Transforming Cancer Survivorship & Bladder Health
More people than ever are surviving cancer; cancer survivors have unique health needs and concerns as result of their cancer and treatment. Radiation treatment for prostate, cervical, bladder, and colorectal cancers can also result in radiation exposure to the bladder. Some patients will experience progressive bladder problems 2-20 years after their radiation treatment.
Symptoms can include blood in their urine, increased voiding, having to use the bathroom multiple times per night, and chronic pain. In severe cases, the loss of blood through the bladder may be so significant that it requires hospitalization, blood transfusions, or even removal of the bladder. There are no curative therapies for Radiation or Hemorrhagic cystitis and no FDA approved drugs for this orphan disease.
OUR RESEARCH GOALS:
1.) understand why some patients develop Radiation Cystitis and how it occurs.
2.) Develop new biomarker tests to determine if a cancer survivor is at risk of developing Radiation Cystitis.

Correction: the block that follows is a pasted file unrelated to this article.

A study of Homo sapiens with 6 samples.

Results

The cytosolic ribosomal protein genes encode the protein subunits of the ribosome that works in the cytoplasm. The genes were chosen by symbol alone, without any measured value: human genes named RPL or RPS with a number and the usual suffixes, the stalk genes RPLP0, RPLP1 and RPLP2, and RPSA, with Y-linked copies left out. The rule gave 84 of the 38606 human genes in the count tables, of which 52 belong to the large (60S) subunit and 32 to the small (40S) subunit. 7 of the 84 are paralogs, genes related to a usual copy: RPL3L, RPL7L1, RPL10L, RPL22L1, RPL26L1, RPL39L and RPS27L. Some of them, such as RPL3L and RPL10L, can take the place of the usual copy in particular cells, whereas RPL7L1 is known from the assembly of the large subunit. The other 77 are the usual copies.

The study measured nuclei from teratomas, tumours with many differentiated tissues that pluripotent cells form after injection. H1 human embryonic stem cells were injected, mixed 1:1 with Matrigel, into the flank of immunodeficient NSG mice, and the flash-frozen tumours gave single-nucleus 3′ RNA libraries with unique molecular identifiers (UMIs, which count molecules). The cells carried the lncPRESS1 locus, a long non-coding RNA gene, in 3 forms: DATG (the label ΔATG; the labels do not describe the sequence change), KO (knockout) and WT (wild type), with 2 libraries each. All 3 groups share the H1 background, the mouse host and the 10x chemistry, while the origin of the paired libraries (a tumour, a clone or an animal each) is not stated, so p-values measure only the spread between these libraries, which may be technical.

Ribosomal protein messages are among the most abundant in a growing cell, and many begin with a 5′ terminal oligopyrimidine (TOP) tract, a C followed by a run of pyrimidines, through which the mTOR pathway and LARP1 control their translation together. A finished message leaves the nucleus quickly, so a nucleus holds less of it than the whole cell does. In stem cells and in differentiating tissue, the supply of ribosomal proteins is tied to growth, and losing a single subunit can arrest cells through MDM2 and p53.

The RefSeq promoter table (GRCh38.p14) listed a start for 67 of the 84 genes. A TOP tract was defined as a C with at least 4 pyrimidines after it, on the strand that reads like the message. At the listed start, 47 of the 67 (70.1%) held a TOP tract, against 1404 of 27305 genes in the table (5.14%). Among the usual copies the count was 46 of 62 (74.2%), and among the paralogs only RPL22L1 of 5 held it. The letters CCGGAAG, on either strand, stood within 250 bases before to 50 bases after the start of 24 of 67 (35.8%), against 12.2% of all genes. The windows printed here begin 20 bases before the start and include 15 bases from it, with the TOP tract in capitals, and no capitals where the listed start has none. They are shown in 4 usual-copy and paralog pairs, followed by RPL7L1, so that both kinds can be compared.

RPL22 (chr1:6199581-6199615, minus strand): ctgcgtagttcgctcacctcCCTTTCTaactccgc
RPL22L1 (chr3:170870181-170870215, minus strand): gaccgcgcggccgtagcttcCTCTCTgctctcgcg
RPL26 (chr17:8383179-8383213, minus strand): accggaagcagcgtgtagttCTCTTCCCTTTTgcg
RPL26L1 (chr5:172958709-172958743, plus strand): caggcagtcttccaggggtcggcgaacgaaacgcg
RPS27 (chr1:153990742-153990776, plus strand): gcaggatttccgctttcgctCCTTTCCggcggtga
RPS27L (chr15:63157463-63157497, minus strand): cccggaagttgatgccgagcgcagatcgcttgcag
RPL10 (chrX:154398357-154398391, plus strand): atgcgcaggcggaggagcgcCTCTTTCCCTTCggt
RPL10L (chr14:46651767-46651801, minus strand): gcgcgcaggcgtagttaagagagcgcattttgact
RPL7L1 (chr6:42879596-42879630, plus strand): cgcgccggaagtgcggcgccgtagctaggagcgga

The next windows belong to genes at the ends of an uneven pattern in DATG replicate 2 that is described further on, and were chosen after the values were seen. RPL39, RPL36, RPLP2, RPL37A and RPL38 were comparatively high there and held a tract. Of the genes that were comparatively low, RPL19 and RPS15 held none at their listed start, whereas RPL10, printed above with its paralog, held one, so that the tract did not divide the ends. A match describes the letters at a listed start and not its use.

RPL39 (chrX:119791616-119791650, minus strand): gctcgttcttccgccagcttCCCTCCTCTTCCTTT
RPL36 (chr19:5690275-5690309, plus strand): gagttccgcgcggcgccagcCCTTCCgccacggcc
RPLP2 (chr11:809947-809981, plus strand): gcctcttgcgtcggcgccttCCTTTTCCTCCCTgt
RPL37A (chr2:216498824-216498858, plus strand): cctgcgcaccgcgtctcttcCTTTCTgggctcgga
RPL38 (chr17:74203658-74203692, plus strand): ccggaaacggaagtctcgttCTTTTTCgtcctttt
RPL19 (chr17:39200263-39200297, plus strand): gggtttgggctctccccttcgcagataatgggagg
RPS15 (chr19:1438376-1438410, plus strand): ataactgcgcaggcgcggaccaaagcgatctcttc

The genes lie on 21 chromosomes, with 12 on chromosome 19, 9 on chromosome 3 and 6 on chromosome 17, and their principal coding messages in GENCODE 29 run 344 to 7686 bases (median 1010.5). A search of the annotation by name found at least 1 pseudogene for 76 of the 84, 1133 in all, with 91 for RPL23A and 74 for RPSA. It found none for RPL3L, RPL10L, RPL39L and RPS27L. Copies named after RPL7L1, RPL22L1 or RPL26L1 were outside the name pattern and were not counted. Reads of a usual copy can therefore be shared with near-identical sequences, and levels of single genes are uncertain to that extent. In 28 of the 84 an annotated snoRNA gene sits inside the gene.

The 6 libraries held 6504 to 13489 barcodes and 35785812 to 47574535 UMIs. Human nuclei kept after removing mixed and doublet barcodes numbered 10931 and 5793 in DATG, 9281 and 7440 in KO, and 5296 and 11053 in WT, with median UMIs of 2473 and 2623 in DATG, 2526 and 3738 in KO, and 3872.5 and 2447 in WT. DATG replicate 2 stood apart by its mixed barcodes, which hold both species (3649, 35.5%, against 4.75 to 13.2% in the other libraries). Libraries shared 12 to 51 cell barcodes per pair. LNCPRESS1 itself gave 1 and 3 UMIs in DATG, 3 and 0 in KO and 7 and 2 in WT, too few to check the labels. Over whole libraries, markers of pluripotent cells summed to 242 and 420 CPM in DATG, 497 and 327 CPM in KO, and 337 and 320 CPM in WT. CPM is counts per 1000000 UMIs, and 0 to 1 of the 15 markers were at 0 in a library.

3.) Develop treatments and prevention methods for patients with Radiation Cystitis.
We collaborate with researchers around the world in our efforts to understand Radiation Cystitis.
Royal Oak, MI, USA
University of Wisconsin,
Madison, WI, USA
Michigan State University
Lansing, MI, USA
Universidad de Chile
Dr. Stangel-Wójcikiewicz Ph.D. is an Assistant Professor in the Gynecology Department at Jagiellonian University Medical School, Krakow, Poland. Her work is catered around developing and integrating innovative approaches to advance women's health. Her interest lies in the field of female urinary incontinence and pelvic reconstructive surgery. Broadly, Dr. Stangel-Wójcikiewicz's methodological research focuses on new surgical approaches for female urinary incontinence including regenerative medicine. She had been leading an interdisciplinary group to develop a robotic system for stem cells injection with the cooperation of the Department of Robotics and Mechatronics at AGH University of Science and Technology in Krakow.
Dr. Stangel-Wójcikiewicz’s research interests include optimizing learning practices. She helped develop multiple teaching materials, including computer-assisted instruction tools for teaching urogynecology to medical students and fellows called virtual patients.
She has published extensively in the medical literature on pelvic floor and urinary dysfunction in women, is the author and co-author of sixty original articles in refereed journals and chapters in books. Dr. Stangel-Wójcikiewicz authored the book Regenerative medicine for the treatment of urinary incontinence published by the Jagiellonian University Press in 2016.